1798 ENGLISH POETRY 1579-1830: SPENSER AND THE TRADITION

Robert Burns

John Struthers, "Dirge, to a Person who lamented that no Monument had been erected on the Grave of Robert Burns" 1798; The Poor Man's Sabbath (1808) 76-78.



Why sigh'st thou, my friend! for a monument great,
To point where the poet fills, cold, the clay urn,
Whom Nature profuse, in a peasant's estate,
Gave with all the bold ardour of genius to burn?
Drest in sight soothing green, still the spot shall be shown,
And a tear to bedew it each swain shall bestow,
While, sad, he laments that, by folly undone,
In the cold tomb he lies, all untimely laid low!

While Winter hangs, hoary, with cranreuch the thorn,
While gowans glint through the green garment of May,
While the sweet smiling June the gay rose buds adorn,
And o'er ripe fields of corn, while September winds play,
His powers of description each bosom shall own,
Consenting emotions their wonder shall show;
But the sigh shall be heard, for, by folly undone,
In the cold tomb he lies, all untimely laid low!

And while liberty deigns to make glad our green isle,
And the bold Briton drinks at her clear flowing stream,
When roused by the coward insults of the vile,
His anger is up, and his arms dreadful gleam!
Then the strength of the strains of our Bard shall be known,
In a torrent of fire it shall burst on the foe!
But the hero shall weep; for, by folly undone,
In the cold tomb he lies, all untimely laid low!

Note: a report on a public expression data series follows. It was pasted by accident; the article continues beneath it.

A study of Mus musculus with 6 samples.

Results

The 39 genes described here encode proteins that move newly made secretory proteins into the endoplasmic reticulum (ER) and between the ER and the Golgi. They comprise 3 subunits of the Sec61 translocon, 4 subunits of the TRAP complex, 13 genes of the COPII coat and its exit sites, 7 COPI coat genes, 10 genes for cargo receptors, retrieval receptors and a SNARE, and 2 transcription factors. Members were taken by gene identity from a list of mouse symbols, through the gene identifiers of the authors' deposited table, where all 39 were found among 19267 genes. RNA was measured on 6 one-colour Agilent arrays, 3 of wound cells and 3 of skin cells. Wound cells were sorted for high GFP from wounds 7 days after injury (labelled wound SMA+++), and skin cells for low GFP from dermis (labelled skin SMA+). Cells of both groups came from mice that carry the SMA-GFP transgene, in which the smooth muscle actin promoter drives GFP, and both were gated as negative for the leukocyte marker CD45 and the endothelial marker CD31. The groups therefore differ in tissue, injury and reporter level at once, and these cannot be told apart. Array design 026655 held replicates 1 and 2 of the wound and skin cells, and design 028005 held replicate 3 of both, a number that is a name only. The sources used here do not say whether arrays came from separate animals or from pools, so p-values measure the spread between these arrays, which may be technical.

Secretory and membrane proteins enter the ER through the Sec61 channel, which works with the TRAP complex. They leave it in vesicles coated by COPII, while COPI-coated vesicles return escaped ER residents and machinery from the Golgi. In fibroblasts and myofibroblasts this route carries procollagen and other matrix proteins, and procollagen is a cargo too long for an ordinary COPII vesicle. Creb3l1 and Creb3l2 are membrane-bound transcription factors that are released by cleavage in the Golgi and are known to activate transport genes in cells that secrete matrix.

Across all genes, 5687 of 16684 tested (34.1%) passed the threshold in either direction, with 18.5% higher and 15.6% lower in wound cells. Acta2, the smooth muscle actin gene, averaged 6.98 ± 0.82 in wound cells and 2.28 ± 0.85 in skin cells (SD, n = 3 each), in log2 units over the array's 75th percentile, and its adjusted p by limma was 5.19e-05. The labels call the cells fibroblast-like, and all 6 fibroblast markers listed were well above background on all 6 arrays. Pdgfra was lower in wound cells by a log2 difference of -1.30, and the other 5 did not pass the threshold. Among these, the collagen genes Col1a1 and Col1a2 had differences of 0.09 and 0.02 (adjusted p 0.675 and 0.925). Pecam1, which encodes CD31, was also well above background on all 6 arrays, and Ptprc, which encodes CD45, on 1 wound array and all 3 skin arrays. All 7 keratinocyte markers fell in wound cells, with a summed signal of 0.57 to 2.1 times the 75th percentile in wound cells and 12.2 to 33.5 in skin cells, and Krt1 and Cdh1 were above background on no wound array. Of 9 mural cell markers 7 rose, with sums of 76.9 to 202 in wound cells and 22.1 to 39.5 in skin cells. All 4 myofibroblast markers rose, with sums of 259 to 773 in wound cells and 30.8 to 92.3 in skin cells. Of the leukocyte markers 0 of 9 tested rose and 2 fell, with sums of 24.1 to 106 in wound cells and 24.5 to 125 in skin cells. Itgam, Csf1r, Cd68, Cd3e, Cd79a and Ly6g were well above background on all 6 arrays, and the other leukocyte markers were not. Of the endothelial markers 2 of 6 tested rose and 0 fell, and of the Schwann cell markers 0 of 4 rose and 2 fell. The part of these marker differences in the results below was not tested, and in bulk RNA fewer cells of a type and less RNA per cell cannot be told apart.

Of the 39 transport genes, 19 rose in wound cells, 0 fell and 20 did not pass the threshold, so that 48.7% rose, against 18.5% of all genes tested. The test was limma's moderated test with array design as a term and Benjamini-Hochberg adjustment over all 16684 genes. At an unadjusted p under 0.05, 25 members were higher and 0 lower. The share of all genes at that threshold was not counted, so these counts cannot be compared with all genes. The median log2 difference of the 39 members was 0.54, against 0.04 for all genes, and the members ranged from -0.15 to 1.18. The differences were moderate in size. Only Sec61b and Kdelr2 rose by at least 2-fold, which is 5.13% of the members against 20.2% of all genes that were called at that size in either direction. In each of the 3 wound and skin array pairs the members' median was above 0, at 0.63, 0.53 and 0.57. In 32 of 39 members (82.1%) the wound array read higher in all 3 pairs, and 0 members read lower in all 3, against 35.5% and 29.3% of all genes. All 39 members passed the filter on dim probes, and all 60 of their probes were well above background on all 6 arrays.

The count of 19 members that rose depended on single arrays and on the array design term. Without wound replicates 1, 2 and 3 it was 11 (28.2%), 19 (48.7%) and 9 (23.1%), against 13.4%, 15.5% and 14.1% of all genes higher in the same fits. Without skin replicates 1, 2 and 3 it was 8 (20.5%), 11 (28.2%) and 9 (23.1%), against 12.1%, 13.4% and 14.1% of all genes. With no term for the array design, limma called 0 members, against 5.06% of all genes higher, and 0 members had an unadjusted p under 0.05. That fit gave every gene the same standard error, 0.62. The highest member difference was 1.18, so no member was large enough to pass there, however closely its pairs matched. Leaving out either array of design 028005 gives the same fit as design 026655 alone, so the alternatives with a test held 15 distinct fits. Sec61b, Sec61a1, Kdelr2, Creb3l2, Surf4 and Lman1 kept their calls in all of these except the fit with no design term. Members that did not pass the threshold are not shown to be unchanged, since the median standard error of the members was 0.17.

Why sigh'st thou, my friend! for a monument great,
To point where the poet fills, cold, the clay urn,
Whom nature profuse, in a peasant's estate,
Gave with all the bold ardour of genius to burn?
Drest in sight-soothing green, still the spot shall be shown,
And a tear to bedew it each swain shall bestow,
While, sad, he laments that, by folly undone,
In the cold tomb he lies, all untimely laid low!

While Winter hangs, hoary, with caneuch the thorn,
While gowans glint through the green garment of May,
While the sweet-smelling June the gay rose-buds adorn,
And o'er the ripe fields of corn, while September winds play,
His powers of description each bosom shall own,
Consenting emotions their wonder shall show;
But the sigh shall be heard, for, by folly undone,
In the cold tomb he lies, all untimely laid low!

And while Liberty deigns to make glad our green isle,
And the bold Briton drinks at her clear-flowing stream,
When roused by the coward insults of the vile,
His anger is up, and his arms dreadful gleam!
Then the strength of the strains of our Bard shall be known,
In a torrent of fire it shall burst on the foe!
But the hero shall weep; for, by folly undone,
In the cold tomb he lies, all untimely laid low!

While the trust of the poor man is placed upon heaven,
While devotion the breasts of the wise can inspire,
While to virtue and calm contemplation is given
In his works the Creator to see and admire;
His "Cottar" shall live — But the good shall bemoan,
And the warm tear of pity unceasing shall flow;
For by error bewilder'd, by folly undone,
In the cold tomb he lies, all untimely laid low!